Connected trucks communicate data and may become more popular in the future. - Photo: Pixabay

Connected trucks communicate data and may become more popular in the future.

Photo: Pixabay

Technology is leading the pack, but repair costs, the evolution of 5G, and driver safety programs round out the top four factors impacting accident management in the future.

The December 2019 issue digs into technology and accident management. 

1. Rapidly Evolving Technology & Connected Trucks

Rapidly evolving technology is giving companies real-time visibility into driver behavior not trackable just a few years ago. 

“It is now possible to combine a driver’s MVR, corporate fleet policies, telematics data, driver risk scoring, and accident data into a consolidated view of what’s happening behind the wheel. As a result, more and more companies are adopting a proactive approach to fleet safety,” said Rich Radi, director, product management for ARI. “Today, truly effective safety programs are built on a foundation of real-time driver behavior monitoring. Fleet operators are now empowered to address high-risk behavior to prevent collisions before they occur.”

Connected trucks communicate data and may become more popular in the future. “I see connected trucks becoming more popular as fleets continue to look at costs and how to reduce them. The connected truck can notify management of a problem quickly and can help management spot trends and driver behaviors earlier,” said Chad Henrich, truck consultant for Wheels.   

2. Increased Repair Costs due to Tech

With the cost of vehicles on the rise and the technology advancements made on trucks today, it’s logical that repair costs will continue to increase as well. 

“Companies with medium-duty vehicles in their fleet should recognize the need for a qualified repair facility to perform work on their vehicles as a result of a collision. It’s important to know that shops equipped to do larger vehicle repairs will be more costly for several reasons. The flat rate for labor components is usually inflated due to the need for specialized technicians. The height and weight of the vehicles often require larger equipment. Downtime should also be considered in the future as there is typically a shortage in shops equipped to do repair work, technicians required, and availability of parts since many are customized,” said Connie Brinkmann, assistant vice president of risk management for Enterprise Fleet Management.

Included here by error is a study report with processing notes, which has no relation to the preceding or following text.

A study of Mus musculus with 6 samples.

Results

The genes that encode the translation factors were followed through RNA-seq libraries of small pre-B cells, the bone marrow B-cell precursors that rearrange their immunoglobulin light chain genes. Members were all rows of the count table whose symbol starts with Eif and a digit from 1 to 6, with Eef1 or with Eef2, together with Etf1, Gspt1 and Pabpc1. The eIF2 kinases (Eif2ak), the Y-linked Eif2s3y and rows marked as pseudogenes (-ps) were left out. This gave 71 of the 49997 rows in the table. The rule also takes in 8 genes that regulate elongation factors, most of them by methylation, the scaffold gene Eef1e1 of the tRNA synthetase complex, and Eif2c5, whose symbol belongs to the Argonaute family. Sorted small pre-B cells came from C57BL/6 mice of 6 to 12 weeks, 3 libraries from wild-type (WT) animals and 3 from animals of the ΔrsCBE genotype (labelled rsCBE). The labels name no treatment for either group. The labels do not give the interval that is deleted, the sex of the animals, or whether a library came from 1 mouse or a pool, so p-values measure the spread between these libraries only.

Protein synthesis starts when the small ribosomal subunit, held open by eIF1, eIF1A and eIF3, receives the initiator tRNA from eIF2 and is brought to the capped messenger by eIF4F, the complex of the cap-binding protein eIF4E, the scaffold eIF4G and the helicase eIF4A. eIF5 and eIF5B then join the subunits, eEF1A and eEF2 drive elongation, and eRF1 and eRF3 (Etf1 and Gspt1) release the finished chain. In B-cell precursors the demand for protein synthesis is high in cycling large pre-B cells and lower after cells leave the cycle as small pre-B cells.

Believing increases will be moderate until electronic components become more commonplace, Bob Martines, CEO of CCM, said, “manufacturers are not reducing the costs of new vehicles or offering replacement repair parts at favorable costs; therefore, the end-user has few options. These include used or aftermarket parts if available, repair more versus replacement, performing minimum safety-related repairs, or driving the vehicle as is until it makes it to end of its life or becomes un-useable,” he said.  

With increased repair costs, there could be an impact on commercial insurance premiums when it’s time to renew a policy. “Because of the potential impact on insurance premiums, commercial fleets should have an insurance partner that understands their business and vehicles and can offer solutions for mitigating risk, minimizing exposure, and keeping premiums in balance,” Brinkmann said.

Mike Irey, senior claims adjustor for Fleet Response, sees the addition of more crash avoidance systems by medium-duty manufacturers and airbag systems installed on the larger medium-duty units, noting, “The cost in the future is only going to increase due to these avoidance systems.” 

3. Increased Use of Driver Safety Programs

Even with the increased use of tech, driver safety programs help ensure a balanced approach. 

“Overall, overall U.S. truck collision cost increases are a given, based on the historical data. However, driver safety programs have proven to be successful in reducing collisions and associated costs. Technology, too, continues to contribute to lessening the rate of increases. A combination of both approaches will always be the best approach for companies looking to reduce risk, keep drivers safe, and protect its brand,” said Ken Latzko, VP of Sales and Marketing for The CEI Group.

4. Evolution of 5G Networks

The continued evolution of 5G wireless networks is an area that telematics providers are monitoring closely. 

“While 5G networks are poised to impact the consumer space, specifically mobile phones in the relatively near future, the lifecycle of telematics devices in vehicles is much longer. This longer lifecycle puts the technology very much on the horizon for most fleets. However, as 5G networks and compatible devices become more widely available, this technology opens the door for new, innovative ways to monitor and manage driver performance,” said Radi of ARI. "Higher speeds can make it viable and affordable to implement such technology as in-cab cameras to supplement traditional telematics data and provide further insight into driver performance.” 

What do you think the future of accident management holds?

Lauren Fletcher

Lauren Fletcher

Executive Editor - Fleet, Trucking & Transportation

Lauren Fletcher is Executive Editor for the Fleet, Trucking & Transportation Group. She has covered the truck fleet industry since 2006. Her bright personality helps lead the team's content strategy and focuses on growth, education, and motivation.